Andrew Porter would have been a nervous man in the third quarter yesterday.

Sin-binned for a dangerous tackle on Brodie Retallick after 49 minutes, the Ireland loosehead would first have been sweating on the colour of the card he would face. He'd have been relieved when he saw yellow.

But when Akira Ioane scythed his way through the Irish defence to score New Zealand's second try within seconds of Porter being sent to the bin, the Leinster man was likely fearing the worst.

When he returned to the pitch, Ireland's lead had been cut from 12 points to just three, after Will Jordan sprinted clear to bring the hosts right back into the contest.

It was the last blow they would land though. Ireland had weathered the All Black storm.

"We always know what the All Blacks are capable of," Porter told RTÉ in the moments after the series-clinching win.

"They're incredibly dangerous, and they put it up tp us with that comeback. We knew it was coming and we knew they were going to have their purple patches in the game, but we did incredibly well to hold them off at the end. I'm delighted with how it went today."

Porter watches on nervously after being sent to the sin-bin

The 32-22 win capped off Ireland's greatest summer tour, coming from behind against the three-time world champions to win their first ever games on New Zealand soil within seven days of each other.

Porter played an influential role in that comeback, scoring both tries in last week's leveler in Dunedin, while he answered a lot of critics with his scrummaging in the two decisive Tests.

The 26-year-old is part of the new age of Irish professionals for who winning is expected of rather than hoped for, and after helping Ireland break new ground in New Zealand, he's hoping they can inspire the next generation to become more used to success.

"It's unbelievably hard to put it into words how this feels. I spent my whole life growing up, seeing Ireland play against the All Blacks, and the results we had in the past. It's an incredible day for Irish rugby. Not just this team, but for Irish rugby.

"We came out with an intent to inspire the next generation, and hopefully we've done that today. It's an incredibly emotional day, for myself, for this team, for my family as well.

"It's an incredibly exciting day, and it's incredibly hard to put into words how I'm feeling right now," he added.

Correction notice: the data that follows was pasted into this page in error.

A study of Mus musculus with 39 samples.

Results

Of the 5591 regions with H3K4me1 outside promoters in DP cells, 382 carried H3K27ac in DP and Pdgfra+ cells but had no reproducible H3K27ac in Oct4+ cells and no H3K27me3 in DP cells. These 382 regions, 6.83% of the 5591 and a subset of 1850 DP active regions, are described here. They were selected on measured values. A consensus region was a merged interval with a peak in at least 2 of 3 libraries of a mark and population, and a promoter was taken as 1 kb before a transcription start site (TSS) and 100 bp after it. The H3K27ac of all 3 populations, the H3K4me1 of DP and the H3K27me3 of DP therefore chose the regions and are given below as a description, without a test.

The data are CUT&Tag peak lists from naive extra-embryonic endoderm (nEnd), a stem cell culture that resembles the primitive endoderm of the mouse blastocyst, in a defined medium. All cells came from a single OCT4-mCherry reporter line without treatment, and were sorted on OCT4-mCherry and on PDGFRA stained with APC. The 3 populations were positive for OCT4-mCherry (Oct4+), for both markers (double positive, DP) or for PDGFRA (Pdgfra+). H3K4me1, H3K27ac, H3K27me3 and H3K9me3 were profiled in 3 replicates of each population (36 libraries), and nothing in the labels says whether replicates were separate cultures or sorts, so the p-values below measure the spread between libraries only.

Along with Porter, Josh van der Flier has now firmly established himself as a nailed-on starter in Andy Farrell's team.

It would be tough to pick out Ireland's best player across the three Tests, but it would be hard to argue against the flanker for that honor.

His 22 tackles yesterday brought his tally to 61 across the three Tests, considerably more than any other player in both green and black, with the European Player of the Year now moving into World Player of the Year contention.

Speaking to RTÉ after the game, the Leinster openside said Ireland weren't content to go home with just one win.

"We set out at the start, the goal was to win the series," he said.

"We knew it couldn't be tougher conditions than playing in New Zealand, but full credit to everyone, they really fronted up and put in our best performance and managed to get the series win. It's an unbelievable feeling."

And he has also credited head coach Andy Farrell with instilling the belief in them that they could do it.

"He told us before the game that this is the dream, to play in these huge games.

"It's what every little lad dreams of, to play in the bigger game, the tougher the better. That's what it was today, a tough, tough game against a really good side, and we managed to come out on top to win the series. An unbelievable feeling.

"It was very, very pleasing. They came at us really hard in that second half, but the most pleasing thing of all is we managed to come back at them. You see New Zealand a lot, running away with it when they get a purple patch. It's really pleasing we managed to keep going at them and get the win in the end," he added.

Both Van der Flier and Porter were also at pains to credit the traveling support in Wellington, with huge pockets of green jerseys among the 34,500 in attendance at the Cake Tin.

"You'd think it was a home game with the cheers and noise of it all, it's unbelievable the amount of people, Irish in New Zealand, and Irish who flew over to see us," said Van der Flier.

His Leinster teammate Porter added: "I couldn't believe how many Irish supporters were out here, you could here them throughout the game.

"It was incredible, seeing all the green jerseys, Irish flags, seeing an Ulster flag right now, seeing how far people have travelled to come watch us, our fans are everything to us. You'll never meet a better fanbase with Irish rugby supporters.

"You'll always hear them, we heard them today and last week and throughout the series. They mean an incredible amount, a driving force for us, and that's who we're play for; our fans, our country, our families and everyone back home."